Hedge Fund Expert Don Steinbrugge On Money Flows And Why Pension Funds Invest In Hedge Funds

Don Steinbrugge is one of the best-known experts in the hedge fund industry, with over three decades of experience in the field. He has been running Agecroft Partners, a global, award-winning hedge fund consulting and marketing firm for almost 10 years now.

Benzinga had the chance to chat with this seasoned hedge fund industry expert, who shared some predictions for trends in the space in 2017. In the first part of this article, we looked into hedge fund fees and how they’ll evolve over the year; in the second part, we went into the why hedge funds will benefit under the Donald Trump administration. In this third part, we’ll take a look at asset outflows and why pension funds invest in hedge funds.

Pension Funds

The expert first explained why pension funds invest in hedge funds. “[The objective of] most pension funds that are allocating [resources] to hedge funds is not to beat equities, their objective is really to beat fixed income. These pension funds need to be diversified; they can't have 100 percent in equities, because if the market sells off, at some point, they may not be able to pay pension benefits. So, if hedge funds can outperform their fixed income portfolio, provide uncorrelated returns (that don't move in the same direction as the bond or equity market) and also help the pension funds if the markets sell off, that adds value to the pension fund.”

“So, that's why they are investing. They are investing to beat bonds – and their bond portfolio right now is projected to generate somewhere around 2.5 or 3 percent,” he continued. “So, it's not a very high bar for hedge funds to meet in order to add value to these pension funds — last year, the average hedge fund was up about 5.6 percent and the Bloomberg Barclays US Aggregate Bond Index was only up about 2.5 percent.”

“Despite that, the assets coming out of pensions are going to be a lot less than most people think,” he added.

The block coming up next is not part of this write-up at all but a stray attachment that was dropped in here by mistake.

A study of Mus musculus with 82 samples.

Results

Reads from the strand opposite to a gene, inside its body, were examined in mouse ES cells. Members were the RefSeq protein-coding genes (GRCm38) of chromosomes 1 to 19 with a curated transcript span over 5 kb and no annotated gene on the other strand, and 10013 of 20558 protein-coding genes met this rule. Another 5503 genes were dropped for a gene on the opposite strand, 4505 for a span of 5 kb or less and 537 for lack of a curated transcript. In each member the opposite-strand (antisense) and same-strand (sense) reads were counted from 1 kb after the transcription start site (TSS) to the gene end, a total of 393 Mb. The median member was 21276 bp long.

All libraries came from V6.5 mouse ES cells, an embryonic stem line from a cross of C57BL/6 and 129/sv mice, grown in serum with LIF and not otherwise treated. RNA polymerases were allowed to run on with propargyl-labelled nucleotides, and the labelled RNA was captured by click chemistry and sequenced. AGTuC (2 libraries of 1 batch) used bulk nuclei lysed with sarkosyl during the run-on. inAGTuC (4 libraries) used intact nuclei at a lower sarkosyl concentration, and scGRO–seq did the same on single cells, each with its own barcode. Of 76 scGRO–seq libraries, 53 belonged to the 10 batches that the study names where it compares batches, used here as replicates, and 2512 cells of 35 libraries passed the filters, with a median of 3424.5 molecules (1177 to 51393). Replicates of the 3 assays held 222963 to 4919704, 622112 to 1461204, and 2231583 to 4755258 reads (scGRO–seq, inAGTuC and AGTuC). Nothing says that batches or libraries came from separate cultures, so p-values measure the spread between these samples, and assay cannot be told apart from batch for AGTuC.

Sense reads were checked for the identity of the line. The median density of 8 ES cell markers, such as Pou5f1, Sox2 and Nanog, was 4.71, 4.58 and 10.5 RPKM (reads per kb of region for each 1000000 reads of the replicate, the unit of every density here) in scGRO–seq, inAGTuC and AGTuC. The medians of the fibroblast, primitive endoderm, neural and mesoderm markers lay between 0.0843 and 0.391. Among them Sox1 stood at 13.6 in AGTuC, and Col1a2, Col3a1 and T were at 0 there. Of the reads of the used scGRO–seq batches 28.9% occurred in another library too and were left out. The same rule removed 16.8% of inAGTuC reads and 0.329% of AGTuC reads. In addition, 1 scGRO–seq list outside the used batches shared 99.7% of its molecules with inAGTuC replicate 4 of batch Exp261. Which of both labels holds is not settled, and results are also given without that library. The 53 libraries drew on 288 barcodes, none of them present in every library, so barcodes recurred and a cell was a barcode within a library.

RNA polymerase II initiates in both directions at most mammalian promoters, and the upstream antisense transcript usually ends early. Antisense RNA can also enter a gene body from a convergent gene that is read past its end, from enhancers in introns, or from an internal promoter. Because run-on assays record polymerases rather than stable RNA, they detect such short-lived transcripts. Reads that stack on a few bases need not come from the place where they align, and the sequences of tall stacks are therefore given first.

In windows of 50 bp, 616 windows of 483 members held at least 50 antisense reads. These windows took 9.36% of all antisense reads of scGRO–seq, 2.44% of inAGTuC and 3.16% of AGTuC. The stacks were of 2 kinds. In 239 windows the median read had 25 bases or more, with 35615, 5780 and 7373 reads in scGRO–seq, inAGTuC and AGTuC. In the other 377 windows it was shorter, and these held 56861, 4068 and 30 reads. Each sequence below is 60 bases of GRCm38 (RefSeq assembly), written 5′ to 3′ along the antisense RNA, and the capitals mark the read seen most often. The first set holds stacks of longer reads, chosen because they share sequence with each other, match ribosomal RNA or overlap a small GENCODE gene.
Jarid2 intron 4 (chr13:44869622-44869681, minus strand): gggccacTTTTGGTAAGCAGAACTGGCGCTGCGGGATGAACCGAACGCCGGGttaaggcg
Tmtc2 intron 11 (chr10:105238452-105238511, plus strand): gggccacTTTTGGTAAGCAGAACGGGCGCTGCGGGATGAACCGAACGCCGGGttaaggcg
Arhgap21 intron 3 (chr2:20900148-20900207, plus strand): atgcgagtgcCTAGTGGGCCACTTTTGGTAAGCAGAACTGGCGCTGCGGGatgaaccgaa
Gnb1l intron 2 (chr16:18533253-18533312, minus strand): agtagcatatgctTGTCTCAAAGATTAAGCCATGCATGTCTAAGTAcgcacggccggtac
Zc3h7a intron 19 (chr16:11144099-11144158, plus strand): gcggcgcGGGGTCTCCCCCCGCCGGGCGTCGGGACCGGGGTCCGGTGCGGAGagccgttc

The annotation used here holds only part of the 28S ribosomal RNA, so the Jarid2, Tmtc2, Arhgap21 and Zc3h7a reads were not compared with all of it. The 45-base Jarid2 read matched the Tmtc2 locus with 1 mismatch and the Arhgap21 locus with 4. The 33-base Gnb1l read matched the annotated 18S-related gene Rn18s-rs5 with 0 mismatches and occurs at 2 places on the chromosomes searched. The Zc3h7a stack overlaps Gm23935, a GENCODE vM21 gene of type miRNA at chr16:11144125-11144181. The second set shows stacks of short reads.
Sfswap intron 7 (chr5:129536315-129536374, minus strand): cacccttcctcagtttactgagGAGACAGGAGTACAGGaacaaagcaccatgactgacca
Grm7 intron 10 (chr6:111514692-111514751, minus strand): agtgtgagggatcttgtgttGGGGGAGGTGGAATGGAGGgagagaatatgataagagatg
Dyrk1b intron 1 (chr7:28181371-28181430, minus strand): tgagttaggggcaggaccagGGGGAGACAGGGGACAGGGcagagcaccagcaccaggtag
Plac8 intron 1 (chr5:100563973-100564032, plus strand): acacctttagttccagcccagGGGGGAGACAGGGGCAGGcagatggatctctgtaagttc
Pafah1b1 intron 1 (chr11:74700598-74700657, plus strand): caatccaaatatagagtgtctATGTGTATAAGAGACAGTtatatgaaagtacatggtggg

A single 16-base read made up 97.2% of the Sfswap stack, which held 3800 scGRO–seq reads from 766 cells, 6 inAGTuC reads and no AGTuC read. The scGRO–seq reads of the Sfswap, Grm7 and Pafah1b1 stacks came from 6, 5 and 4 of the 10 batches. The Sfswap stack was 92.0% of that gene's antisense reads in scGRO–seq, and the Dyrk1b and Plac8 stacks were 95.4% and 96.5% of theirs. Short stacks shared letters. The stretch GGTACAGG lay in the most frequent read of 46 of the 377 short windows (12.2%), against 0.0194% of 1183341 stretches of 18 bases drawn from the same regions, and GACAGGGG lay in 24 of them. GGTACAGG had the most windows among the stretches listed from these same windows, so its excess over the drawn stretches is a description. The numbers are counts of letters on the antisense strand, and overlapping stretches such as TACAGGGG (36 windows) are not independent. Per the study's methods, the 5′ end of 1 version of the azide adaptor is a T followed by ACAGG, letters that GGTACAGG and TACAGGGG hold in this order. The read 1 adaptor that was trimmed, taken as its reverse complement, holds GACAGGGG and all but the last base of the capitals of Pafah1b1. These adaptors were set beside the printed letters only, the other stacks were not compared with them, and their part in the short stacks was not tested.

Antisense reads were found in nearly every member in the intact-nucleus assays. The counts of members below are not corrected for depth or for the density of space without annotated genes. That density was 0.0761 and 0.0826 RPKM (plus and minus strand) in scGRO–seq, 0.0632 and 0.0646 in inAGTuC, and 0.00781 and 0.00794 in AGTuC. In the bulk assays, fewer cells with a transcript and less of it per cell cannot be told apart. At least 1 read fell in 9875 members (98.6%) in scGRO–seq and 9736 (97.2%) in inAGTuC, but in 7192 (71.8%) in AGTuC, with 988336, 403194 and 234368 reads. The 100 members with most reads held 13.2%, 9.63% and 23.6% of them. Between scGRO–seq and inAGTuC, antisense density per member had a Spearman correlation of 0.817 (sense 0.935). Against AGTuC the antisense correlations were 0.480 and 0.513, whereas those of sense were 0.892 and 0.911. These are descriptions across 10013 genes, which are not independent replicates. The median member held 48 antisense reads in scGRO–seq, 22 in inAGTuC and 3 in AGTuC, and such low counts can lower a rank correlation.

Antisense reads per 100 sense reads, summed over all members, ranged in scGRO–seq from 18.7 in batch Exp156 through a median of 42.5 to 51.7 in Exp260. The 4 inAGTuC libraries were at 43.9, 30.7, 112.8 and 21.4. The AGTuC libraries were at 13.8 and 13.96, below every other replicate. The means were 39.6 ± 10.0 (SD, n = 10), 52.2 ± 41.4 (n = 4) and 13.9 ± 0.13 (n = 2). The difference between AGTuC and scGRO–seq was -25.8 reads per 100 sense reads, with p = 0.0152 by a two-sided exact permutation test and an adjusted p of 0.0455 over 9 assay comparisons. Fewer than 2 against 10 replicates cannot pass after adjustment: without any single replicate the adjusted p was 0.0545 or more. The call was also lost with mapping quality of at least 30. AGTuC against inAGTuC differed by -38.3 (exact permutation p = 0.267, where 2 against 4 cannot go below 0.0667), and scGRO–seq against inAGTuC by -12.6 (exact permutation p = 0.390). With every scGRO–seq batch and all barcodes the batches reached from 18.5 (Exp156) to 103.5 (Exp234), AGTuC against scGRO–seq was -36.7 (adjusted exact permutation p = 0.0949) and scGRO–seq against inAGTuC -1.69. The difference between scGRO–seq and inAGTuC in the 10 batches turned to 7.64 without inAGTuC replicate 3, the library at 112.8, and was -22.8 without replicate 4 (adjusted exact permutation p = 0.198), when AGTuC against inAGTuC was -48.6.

Money Flow

Among the trends Agecroft predicts for 2017, there’s “a lot of negative flows or money coming out of the marketplace from large institutional investors. They are getting a lot of pressure from local media, from politicians, and from union employees, to get rid of their hedge funds,” Steinbrugge explicated.

“And, there's a disconnect between most people's impression of hedge funds and why institutional investors are investing in hedge funds. One of those disconnects is relative to performance. A lot of people compare the return of hedge funds to the S&P 500 and the SPDR S&P 500 ETF Trust (NYSE: SPY), and the reality is that is not the benchmark investors use for their hedge fund portfolio.”

“Hedge funds are a fund structure, and within that fund structure there are a lot of different strategies that have no correlation to the S&P 500 [...] You have money market funds, bond funds— For equity funds, you probably should compare those to the S&P 500, but most strategies [among hedge funds] don't have a lot of equity exposure,” he went on.

“Now, even though I do think that net flows to the hedge fund industry are going to be negative, I think in 2017 hedge fund assets will reach an all-time high,” the expert declared. “The average estimate is like $3 trillion. Last year, about 2.5 percent of the industry assets left, but the average return across hedge funds was 5.6 percent, so the performance offset the net redemption, which caused assets to be at an all-time high. And, I think we are going to see the same thing in 2017: We are projecting 3 percent net redemption from the industry, but we are forecasting an average return of 5 percent. So, we are expecting industry assets to be up about 2 percent at the end of the year.”